Problem to Solve
As medical groups and hospital systems seek to improve care quality and outcomes while combatting rising operational costs and declining utilization, they are looking at delivering faster and higher-quality access and reducing costs. Unlike years past, hospitals cannot unilaterally raise prices without payer pushback or loss of business, or quickly merge their way into more productive organizations.
A leading health care system sought to develop, in partnership with a national insurer, a new health plan marketed to fully insured individuals and self-insured employers in its market territory. This joint venture would emphasize using data analytics and population health technology to identify at-risk patients sooner than prior clinical practices and provide them with earlier care access by expanding the availability of alternative care sites.
While the national insurer had forged similar 50-50 joint ventures with health systems in other parts of the country, this was the first time that the health care system developed this type of relationship. It was critical at the outset for the health care system to develop a new physician and hospital network to meet patient needs and state guidelines for care quality and access. The health care system lacked the ability to oversee and perform the necessary analytics to drive accuracy and decision-making for this new network. The system partnered with Freed Associates (Freed) to fulfill this need while simultaneously defining scope for future purposes.
Strategy and Tactics
The health care system (and its joint partner) needed all network-related analytics done well in advance of the new calendar year in order to submit its new health care plan to the state for approval, and have the best opportunity to market and sell it to prospective customers. Freed began working with this client to develop and maintain an up-to-date and accurate list of hospitals and providers that would ultimately be part of the new joint venture network – in the end approximately 30 hospitals and 10,000 providers total.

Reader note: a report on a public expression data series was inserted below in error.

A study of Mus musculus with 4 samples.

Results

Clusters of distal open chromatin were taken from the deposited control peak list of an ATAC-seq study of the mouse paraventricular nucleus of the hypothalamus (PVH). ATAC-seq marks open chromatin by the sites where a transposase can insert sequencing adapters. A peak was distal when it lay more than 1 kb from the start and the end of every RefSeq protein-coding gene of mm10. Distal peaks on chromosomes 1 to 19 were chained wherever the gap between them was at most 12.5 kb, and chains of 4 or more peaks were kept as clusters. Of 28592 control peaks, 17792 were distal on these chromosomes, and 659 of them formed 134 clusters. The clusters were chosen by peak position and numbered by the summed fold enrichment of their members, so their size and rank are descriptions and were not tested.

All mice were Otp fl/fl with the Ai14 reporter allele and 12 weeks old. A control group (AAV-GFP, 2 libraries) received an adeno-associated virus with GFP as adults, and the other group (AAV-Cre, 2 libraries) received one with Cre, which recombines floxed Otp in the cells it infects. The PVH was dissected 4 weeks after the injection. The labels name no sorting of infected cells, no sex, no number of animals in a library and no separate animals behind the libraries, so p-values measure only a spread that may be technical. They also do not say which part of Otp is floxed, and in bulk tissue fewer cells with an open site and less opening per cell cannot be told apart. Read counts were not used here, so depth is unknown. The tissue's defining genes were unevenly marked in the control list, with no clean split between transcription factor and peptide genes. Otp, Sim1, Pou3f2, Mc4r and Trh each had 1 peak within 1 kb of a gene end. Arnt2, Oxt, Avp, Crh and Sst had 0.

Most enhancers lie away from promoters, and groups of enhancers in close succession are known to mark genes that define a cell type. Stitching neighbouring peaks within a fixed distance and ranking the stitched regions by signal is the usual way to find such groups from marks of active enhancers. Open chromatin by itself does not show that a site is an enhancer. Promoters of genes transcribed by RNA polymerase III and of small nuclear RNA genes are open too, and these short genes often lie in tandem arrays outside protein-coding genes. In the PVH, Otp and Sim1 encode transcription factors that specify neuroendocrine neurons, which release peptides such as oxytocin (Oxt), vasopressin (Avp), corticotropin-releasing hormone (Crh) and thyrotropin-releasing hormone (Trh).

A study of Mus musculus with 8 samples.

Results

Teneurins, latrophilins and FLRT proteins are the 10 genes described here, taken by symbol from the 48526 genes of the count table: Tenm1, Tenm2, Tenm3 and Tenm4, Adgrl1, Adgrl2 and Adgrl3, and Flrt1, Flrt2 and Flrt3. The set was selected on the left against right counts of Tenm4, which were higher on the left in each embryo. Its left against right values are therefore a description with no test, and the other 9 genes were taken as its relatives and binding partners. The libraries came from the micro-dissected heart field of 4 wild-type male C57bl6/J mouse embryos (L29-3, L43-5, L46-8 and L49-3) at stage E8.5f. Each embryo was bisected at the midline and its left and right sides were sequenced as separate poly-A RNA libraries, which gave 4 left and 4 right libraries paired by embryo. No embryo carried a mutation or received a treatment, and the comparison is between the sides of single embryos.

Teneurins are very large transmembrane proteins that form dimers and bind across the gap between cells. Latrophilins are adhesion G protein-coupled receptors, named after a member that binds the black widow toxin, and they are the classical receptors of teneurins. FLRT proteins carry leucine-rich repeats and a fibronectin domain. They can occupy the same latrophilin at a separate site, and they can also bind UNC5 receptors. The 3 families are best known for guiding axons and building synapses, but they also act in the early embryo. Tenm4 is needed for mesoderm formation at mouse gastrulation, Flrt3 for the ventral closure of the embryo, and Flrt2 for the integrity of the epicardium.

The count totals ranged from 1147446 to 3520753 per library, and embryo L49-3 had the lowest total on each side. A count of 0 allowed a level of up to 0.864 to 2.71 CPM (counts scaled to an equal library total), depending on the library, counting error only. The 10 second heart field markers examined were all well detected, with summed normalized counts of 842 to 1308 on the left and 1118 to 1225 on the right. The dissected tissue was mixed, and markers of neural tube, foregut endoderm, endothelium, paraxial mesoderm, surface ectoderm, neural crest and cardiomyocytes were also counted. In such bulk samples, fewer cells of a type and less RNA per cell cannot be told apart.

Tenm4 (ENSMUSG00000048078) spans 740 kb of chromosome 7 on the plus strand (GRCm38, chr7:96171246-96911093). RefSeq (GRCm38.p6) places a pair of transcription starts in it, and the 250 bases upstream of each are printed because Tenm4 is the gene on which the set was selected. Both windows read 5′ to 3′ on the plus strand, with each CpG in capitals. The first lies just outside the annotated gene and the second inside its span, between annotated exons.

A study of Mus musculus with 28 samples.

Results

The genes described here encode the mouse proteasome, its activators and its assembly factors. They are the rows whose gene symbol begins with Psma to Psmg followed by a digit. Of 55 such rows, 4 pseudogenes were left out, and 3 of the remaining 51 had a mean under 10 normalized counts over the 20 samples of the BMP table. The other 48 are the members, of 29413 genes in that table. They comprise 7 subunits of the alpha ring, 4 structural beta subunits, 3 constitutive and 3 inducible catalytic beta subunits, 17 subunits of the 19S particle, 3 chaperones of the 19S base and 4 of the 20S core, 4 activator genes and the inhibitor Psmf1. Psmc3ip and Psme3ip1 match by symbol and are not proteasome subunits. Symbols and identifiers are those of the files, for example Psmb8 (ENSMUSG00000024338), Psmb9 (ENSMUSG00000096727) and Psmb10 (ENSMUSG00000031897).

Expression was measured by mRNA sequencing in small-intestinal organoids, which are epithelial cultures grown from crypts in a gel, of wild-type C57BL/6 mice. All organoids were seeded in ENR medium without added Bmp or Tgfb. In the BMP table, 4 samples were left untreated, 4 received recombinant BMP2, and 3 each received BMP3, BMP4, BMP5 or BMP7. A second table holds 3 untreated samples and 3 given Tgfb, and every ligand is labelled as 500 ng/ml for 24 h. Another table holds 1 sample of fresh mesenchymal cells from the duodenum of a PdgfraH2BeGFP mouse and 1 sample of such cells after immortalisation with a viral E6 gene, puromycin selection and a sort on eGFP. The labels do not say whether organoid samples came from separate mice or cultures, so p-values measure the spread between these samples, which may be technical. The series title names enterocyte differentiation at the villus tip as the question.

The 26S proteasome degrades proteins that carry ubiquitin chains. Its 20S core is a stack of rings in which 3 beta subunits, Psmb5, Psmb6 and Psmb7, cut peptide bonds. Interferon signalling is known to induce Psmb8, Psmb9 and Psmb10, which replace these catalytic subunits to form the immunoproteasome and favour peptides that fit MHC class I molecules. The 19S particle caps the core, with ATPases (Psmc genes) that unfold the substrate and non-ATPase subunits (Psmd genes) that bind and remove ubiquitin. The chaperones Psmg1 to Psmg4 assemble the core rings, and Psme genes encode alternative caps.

The work began with a gap analysis between the partners’ old and updated lists of providers. This was done to ensure list accuracy and better-inform the health care system’s leadership for network-related decision-making. The work involved manually identifying discrepancies between iterations of the provider lists and the network strategic design and reconciling the differences.
Given the volume and number of data records involved in creating the new network list, Freed’s involvement proved vital for tracking and maintaining all provider list iterations and documenting communications between key representatives of everyone involved in this joint venture.
At the same time, work was completed to define and document the newly created network list processes and reports. This is turn helped determine the role and responsibilities of a future full-time employee to meet the needs of this new venture.
A data analysis tracking toolkit was developed, as well as a role-specific playbook. The former included templates for tracking data files exchanged between the joint venture partners, an inventory of analyses and reports, as well as a new data dictionary defining the common terms used by each partner.
Despite the complexity of verifying and reconciling roughly 10,000 provider records for the new joint venture network, the initiative was completed within the client’s prescribed time frame. The partners gained an accurate, accessible network of hospitals and providers that aligned their business strategy, met the interests of prospective customers, and addressed the state’s network requirements. Foundationally, this effort also established a repeatable methodology that the health care system can use for future new product initiatives.
When new market opportunities beckon, it is incumbent on health care organizations to move forward to meet such opportunities as efficiently and expeditiously as possible. By quickly and effectively performing critical data analytics to support its new joint venture, the health care system was able to reduce error risk, meet its timing goals and benefit from a new strategic growth opportunity.